Educators often preach the importance of aiming high, and that is exactly what is happening in North Carolina. In fact, the state's education system is reaching to the cloud to provide students, teachers, staff and parents access to learning resources.
A survey of charter schools in North Carolina revealed that identity management was a universal struggle, said Samuel Carter, customer, operations and systems specialist with the Friday Institute at North Carolina State University. To fix that problem, Carter helped create and implement the NC Education Cloud initiative. He is scheduled to describe the project in a session at AWS re:Invent 2013 in Las Vegas.
The NC Education Cloud program is designed to provide members of the K-12 education community access to teaching materials through a reliable cloud-based identity management system that requires only one username and password combination.
"Most students have four to six accounts to manage, and the teachers and administrators have many more than that," Carter said. "As more and more educational resources move online, that number is going to continue to increase."
Clearly, it would be valuable if there was a way to reduce the number of username and password logins each student has. Based on that information, Carter said, the IAM Plan was initiated to appropriately articulate, evaluate, and solve the problem.
Choosing the right cloud-based system
We didn't go off in a vacuum and build this; the end users, the customers, have been involved all along.
Selecting the appropriate identity management system wasn't a task to be taken lightly, given that it would affect the entire state. In addition to contemplating building its own cloud-based infrastructure, Carter said, approximately 40 vendors were taken into consideration.
Ultimately, it was determined it would be more cost-effective and a better user experience would be provided if an identity management system was purchased as a service. "At the time we were considering this, we looked at the landscape of what was available and it just made more sense to do it as a service," Carter said. "That way, we don't have to worry about the infrastructure and maintaining it. We just subscribe to the service and let someone else have that responsibility, so that our primary focus is on the users."
Some of the identity management system contenders included: Microsoft, IBM, Oracle, Symplified, Identity Automation, Verizon and Mycroft. To dwindle down the lengthy list, an evaluation was carefully performed. Some vendors were written off after information posted on their websites was reviewed; others that appeared to be a better fit were interviewed. A team of six individuals, including Carter, rated each vendor based on a variety of criteria including:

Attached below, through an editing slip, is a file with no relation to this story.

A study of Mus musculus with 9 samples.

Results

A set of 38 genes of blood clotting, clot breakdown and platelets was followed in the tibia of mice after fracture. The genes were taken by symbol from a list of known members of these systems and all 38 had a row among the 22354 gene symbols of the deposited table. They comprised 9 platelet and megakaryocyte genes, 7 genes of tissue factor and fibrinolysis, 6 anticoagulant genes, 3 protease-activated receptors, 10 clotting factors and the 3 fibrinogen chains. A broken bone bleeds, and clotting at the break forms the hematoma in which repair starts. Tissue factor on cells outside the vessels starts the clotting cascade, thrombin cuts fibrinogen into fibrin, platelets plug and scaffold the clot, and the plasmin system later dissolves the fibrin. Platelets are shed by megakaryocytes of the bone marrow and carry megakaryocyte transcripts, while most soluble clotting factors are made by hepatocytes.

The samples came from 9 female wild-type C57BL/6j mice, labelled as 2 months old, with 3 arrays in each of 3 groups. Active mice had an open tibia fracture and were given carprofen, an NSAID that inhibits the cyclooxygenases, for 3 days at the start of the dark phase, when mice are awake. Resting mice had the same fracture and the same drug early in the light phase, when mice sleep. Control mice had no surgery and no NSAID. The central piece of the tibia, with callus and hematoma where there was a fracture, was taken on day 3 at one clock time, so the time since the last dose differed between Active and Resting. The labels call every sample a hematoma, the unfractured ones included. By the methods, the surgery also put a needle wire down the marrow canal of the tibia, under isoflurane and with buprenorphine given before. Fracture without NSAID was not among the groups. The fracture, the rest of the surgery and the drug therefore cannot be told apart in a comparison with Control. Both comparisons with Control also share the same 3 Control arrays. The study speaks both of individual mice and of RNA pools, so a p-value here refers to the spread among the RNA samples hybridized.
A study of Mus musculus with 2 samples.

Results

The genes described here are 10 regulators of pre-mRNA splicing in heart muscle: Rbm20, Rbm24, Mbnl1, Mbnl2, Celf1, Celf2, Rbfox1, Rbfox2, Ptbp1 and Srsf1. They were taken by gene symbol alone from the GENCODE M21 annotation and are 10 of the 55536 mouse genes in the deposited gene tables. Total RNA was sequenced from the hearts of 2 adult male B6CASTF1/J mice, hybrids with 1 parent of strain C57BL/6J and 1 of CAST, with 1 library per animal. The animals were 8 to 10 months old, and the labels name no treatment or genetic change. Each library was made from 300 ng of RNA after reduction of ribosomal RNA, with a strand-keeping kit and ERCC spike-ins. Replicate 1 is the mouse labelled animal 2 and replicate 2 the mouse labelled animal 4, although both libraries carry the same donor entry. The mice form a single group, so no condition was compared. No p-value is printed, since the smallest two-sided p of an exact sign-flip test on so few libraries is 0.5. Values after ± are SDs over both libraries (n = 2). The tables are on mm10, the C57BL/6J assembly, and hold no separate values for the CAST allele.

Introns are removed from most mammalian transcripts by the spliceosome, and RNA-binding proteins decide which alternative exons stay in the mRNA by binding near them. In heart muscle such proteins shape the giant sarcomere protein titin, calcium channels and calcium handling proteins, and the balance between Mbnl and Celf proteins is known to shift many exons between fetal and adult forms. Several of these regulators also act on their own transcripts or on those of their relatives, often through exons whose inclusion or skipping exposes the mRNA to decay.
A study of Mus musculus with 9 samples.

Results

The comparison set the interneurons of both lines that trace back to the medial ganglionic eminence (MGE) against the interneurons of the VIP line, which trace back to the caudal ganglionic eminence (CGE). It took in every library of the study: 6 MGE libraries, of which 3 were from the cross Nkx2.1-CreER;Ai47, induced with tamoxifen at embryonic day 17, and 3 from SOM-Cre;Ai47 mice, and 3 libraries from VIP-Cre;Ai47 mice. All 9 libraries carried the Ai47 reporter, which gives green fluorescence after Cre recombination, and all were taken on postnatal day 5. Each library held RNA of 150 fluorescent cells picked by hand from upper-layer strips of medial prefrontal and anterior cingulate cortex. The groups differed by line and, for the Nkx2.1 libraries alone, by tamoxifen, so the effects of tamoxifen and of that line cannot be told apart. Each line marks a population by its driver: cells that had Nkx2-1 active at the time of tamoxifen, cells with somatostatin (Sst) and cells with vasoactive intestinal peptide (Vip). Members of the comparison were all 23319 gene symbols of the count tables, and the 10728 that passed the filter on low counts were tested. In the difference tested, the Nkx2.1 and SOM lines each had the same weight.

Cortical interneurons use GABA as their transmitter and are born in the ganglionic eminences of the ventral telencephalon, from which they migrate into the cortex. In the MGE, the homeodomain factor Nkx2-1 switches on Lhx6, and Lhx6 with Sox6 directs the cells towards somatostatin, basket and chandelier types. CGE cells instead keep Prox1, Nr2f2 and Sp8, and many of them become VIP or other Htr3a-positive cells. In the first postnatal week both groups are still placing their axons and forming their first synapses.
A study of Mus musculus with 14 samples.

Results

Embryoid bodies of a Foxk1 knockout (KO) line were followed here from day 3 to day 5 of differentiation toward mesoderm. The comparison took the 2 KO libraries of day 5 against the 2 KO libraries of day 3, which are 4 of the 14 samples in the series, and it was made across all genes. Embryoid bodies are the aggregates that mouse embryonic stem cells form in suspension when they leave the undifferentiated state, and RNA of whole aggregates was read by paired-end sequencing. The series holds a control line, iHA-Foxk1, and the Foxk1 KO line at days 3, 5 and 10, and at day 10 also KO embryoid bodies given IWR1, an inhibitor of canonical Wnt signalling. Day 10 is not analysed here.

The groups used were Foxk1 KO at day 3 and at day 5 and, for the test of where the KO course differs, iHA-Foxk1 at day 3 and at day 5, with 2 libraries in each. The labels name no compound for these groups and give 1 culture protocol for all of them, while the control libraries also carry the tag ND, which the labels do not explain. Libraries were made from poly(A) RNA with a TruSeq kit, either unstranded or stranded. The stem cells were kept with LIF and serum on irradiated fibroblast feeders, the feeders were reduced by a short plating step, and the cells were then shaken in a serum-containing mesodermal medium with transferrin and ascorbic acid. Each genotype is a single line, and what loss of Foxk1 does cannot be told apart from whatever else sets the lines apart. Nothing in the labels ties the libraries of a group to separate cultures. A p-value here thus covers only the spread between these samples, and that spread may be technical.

- Proposed technical plan
- Plan approach and timeline
- Relevant experience
- Financial stability
- Personnel experience
While some vendors offered nice software, Carter said their lack of experience supporting education clients was an issue. There is some overlap with healthcare and insurance services requirements, for example, but there are unique needs in the education field.
"One of the primary differences is the age groups. In many corporations you are dealing with adults. In education, you are working with students as young as 3 years old, and the way you present and manage identities and log in with them is very different than for IT professionals," Carter said. "The interfaces you put in front of students have to look and feel very different than what you'd put in front of someone else."
Identity Automation won the bid to build the cloud-based identity management platform. Carter said the vendor is providing two key elements that can't easily be found elsewhere. The first is identity management as a service, and the second is the ability to manage such a large number of identities. "Those two things are unique," he said. "The actual technology under the service, the mechanics, [is] very traditional."
"We didn't go off in a vacuum and build this; the end users, the customers, have been involved all along," Carter said.
About the author:
Maxine Giza is associate site editor for SearchSOA.com. She can be reached at email@example.com.